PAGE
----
Georgia Workers’ Compensation Blog, November 2015
Nathan E. Woody, CORALES & WOODY, LLC


Last time we talked about what the law has to say about your termination following a work injury and what benefits or protections may be available to you under Georgia Law. We concluded that people in that situation need to immediately hire a workers’ compensation lawyer to file a claim with the court and try to get benefits through workers’ compensation.
Assuming you followed that advice and now have a lawyer, or you are in the process of getting one, what do you do while you wait for court? The answer for many folks is simple: look for a job.

Unless You Are Completely Restricted From Work, Conduct a “Reasonable and Diligent Job Search.”

There is a series of court decisions in Georgia which tell an injured worker that if you have been terminated from your job after a work injury, even if you have some restrictions or disability related to the injury, you need to be looking for a job. Of course, if a doctor has told you that you should not be working at all, you may not be in a position to look for work. However, Insurance may have its own doctor saying that you can work or other evidence suggesting that you can work. So, you may still find the court eventually asking the question of whether or not you were diligent in looking for a job. Listen, all you can do is all you can do. I encourage clients who are not completely disabled to do their best. Start looking for jobs and filling out applications everywhere you can.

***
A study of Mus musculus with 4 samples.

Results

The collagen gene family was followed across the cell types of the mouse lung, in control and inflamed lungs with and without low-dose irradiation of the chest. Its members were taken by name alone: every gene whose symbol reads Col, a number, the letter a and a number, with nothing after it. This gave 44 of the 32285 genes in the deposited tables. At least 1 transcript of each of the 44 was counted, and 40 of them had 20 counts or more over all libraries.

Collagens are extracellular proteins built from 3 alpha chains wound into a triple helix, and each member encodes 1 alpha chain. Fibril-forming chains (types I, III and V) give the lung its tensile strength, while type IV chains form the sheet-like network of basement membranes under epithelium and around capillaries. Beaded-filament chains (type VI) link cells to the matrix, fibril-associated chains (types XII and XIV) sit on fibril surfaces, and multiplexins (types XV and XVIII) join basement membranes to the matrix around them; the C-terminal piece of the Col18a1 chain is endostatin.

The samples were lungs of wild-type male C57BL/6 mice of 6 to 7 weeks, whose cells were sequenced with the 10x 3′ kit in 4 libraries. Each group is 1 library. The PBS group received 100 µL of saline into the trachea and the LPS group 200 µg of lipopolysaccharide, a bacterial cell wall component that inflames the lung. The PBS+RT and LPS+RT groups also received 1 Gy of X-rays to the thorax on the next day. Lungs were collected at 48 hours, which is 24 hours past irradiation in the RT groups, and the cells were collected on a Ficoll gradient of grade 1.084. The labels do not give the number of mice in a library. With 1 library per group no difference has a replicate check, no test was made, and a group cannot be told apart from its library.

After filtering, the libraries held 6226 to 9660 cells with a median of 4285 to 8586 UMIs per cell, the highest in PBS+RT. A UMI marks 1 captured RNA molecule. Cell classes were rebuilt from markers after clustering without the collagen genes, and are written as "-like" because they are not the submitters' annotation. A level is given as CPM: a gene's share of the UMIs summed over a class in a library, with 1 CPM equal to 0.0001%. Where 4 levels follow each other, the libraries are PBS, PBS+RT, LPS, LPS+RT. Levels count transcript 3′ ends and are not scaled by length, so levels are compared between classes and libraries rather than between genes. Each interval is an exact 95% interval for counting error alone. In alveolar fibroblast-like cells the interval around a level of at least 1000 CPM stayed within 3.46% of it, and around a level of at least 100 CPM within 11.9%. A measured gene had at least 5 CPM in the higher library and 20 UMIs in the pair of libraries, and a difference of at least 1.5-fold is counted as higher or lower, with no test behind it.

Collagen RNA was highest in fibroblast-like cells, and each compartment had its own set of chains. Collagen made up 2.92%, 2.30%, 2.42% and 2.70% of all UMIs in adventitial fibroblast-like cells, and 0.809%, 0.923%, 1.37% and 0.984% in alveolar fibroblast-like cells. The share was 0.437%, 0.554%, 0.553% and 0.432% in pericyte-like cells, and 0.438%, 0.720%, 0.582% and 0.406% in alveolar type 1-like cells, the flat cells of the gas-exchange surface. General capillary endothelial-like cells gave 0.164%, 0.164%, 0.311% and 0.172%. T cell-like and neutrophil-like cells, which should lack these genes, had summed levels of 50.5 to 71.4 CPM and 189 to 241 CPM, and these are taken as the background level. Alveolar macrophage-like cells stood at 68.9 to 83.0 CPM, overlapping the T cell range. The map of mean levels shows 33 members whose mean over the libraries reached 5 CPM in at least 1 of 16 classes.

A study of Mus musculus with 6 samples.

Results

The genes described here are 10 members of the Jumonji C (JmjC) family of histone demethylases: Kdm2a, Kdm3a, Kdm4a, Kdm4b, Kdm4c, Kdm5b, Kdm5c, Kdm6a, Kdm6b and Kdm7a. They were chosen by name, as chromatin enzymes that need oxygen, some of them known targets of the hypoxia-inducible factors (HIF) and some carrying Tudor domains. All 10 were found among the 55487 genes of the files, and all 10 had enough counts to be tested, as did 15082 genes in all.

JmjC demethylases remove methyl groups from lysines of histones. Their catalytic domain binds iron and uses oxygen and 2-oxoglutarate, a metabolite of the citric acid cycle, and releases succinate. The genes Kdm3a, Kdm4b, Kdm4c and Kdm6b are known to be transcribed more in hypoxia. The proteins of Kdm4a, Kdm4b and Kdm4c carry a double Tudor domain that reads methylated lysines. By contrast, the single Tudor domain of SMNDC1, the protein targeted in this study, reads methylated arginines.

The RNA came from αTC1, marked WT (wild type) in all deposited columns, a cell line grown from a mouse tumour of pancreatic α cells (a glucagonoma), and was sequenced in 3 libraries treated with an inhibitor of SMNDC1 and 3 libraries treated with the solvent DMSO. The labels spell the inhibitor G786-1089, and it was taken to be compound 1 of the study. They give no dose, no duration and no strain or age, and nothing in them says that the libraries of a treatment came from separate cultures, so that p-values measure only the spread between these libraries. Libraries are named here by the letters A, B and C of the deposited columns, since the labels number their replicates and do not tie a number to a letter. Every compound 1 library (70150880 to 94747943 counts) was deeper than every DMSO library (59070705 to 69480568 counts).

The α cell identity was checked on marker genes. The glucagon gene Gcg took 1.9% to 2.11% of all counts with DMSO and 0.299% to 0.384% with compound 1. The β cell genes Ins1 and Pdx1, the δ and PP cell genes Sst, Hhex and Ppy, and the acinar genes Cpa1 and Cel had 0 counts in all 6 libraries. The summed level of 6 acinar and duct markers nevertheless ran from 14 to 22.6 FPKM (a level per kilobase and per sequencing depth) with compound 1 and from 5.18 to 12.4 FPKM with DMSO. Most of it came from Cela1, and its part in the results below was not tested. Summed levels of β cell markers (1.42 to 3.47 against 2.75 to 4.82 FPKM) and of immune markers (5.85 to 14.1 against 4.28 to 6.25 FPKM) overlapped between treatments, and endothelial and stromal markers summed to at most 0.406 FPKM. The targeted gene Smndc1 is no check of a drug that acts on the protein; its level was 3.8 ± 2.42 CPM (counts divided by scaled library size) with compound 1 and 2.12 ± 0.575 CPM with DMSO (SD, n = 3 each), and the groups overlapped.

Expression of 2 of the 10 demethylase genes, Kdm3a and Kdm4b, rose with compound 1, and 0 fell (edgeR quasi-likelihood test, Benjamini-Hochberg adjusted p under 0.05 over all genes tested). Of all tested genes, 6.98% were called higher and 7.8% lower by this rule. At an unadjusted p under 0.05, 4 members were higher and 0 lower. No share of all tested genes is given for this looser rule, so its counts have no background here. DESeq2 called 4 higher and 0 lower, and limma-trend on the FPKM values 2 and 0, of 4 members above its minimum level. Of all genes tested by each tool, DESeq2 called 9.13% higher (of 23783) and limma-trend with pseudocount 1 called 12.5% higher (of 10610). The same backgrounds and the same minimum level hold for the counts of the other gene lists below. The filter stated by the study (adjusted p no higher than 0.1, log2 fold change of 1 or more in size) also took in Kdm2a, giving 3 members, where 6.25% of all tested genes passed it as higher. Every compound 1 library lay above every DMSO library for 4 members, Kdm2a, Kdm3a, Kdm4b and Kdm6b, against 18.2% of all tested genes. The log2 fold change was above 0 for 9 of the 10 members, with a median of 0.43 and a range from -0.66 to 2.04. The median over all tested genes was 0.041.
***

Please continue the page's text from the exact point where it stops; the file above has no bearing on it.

There is No “Right” Answer to the Question of How Much Searching is “Reasonable and Diligent.”

Let your lawyer worry about this one. Georgia law is muddy on this subject. One person looks for a handful of jobs and the court rules that their job search was diligent. Another individual looks for more than a hundred jobs and the court says that they were not diligent in looking for work. Just do the best you can. Of course, it will be harder to look for work if you live in a small town or rural area where there are not many opportunities. Also, finding work can be more difficult depending on the severity of your injury, your educational background, and your work experience. The important thing is that you TRY.

If You Are Looking For a Job After Your Termination, Keep a Daily Journal of Your Search.

The idea here is simple. If you have to go to court in two months, or four months, or six months, your lawyer will need to present the court with EVIDENCE of your job search. This evidence will be: 1) your testimony explaining the things you have done to find work, and 2) a written record which shows dates, times, places, who you talked to, whether or not you interviewed, why they would/would not hire you, etc. The job search journal is crucial to supporting your testimony.
Hopefully, by now, you have again realized that you absolutely must have an attorney to fight for your benefits after your termination. He or she will help navigate the job search requirement. Good luck and please call Corales & Woody if you need more information about your workers’ compensation claim.